Analysis of Stress in Biological Systems:
an NSF-UBM project at LMU
 
What is the ASBS program? A two-year program of study integrating biology and mathematics through in-depth summer research programs between the sophomore and junior years, and again between the junior and senior years, together with coursework and additional research credit during the academic year.  
What are the eligibility requirements? Sophomores with interest in biology and mathematics are welcome to apply. A year of calculus and a year of biology are strongly recommended. You'll need at least one (calc or bio), and both would be better.
 
What are the benefits?

$3000 stipend each summer!
Room and board each summer!
Academic year credit for research.
Travel expenses for presenting your work at scientific conferences.
A unique educational experience that will separate your from other graduates.

 
What exactly will I do?

Spring of your sophomore year, sign up for Math 298: Introduction to Biomathematics. This course will prepare you for the summer research and beyond.
During the summer, you'll work in a team of three students with math and bio faculty on a research project, planning experiments, collecting data, and beginning analysis. The summer project will take 8-10 weeks.
During the academic year, you will spend time on courses, and you will continue to analyze data.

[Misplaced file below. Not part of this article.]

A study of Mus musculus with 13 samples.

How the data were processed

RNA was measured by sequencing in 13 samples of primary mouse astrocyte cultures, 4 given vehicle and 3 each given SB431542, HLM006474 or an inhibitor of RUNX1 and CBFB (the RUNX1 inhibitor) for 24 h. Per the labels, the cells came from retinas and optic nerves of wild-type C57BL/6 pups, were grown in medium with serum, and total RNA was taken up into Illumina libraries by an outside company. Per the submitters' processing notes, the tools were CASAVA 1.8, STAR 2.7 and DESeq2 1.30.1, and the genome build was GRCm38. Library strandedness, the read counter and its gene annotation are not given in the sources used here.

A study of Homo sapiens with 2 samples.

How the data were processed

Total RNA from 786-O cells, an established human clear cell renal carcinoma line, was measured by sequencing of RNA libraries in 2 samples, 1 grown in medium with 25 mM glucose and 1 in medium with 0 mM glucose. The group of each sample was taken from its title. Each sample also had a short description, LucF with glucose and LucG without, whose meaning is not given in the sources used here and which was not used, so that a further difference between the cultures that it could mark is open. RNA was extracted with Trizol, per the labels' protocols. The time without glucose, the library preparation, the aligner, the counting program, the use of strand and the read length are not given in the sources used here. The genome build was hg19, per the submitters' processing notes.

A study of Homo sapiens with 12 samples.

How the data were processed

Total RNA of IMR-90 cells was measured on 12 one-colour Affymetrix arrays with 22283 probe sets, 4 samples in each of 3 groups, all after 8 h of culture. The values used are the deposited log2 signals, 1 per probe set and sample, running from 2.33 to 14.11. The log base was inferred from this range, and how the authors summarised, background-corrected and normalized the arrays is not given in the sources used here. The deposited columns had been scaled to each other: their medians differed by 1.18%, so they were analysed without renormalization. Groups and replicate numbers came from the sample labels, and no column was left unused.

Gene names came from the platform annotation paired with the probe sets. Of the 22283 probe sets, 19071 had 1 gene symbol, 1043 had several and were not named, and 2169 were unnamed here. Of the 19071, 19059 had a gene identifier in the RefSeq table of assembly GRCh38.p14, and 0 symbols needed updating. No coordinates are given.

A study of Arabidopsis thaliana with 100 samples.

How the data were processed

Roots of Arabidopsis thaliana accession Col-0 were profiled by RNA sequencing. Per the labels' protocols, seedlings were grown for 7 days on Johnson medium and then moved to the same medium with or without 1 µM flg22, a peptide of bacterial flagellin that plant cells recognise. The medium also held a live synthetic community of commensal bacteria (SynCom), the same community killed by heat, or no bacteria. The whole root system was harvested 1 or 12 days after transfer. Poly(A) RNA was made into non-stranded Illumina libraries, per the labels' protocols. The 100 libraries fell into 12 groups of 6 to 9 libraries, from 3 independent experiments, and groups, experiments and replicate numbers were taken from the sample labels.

During the second summer, you will continue experimental work, extending previous efforts or taking a different approach.
During your senior year, you will complete your analysis, organize your work, and write up results. A capstone course will provide an integrative experience for all participants to learn about each other's work and reflect on the two-year activity.
During the two-year program, you will also have the opportunity to present your efforts at scientific meetings.

 
How do I apply? Applications are available in rtf and pdf formats right here.
You will need to provide us your ID number, so that we can check your transcript.
You will need to have a faculty member provide us a letter of recommendation.
Full details are in the application form.

 
What are the projects? Projects include analyzing the impact of heavy metals on spiders in the Ballona Wetlands, functional genomics applied to adaptation in stressing environments, shape and asymmetries of plants and animals, and gene expression networks modeling. Detailed descriptions of the projects can be downloaded here.  
What faculty are involved? Dr. Wendy Binder, Biology, Asymmetry
Dr. Thomas Zachariah, Mathematics, Functional Genomics and Gene Expression
Dr. Kam Dahlquist, Biology, Functional Genomics and Gene Expression
Dr. Pippa Drennan, Biology, Asymmetry
Dr. Ben Fitzpatrick, Mathematics, Asymmetry and Wetlands Spiders
Dr. Gary Kuleck, Biology, Functional Genomics and Gene Expression
Dr. Martin Ramirez, Biology, Wetlands Spiders
 
How can I learn more? Talk to any of the faculty above!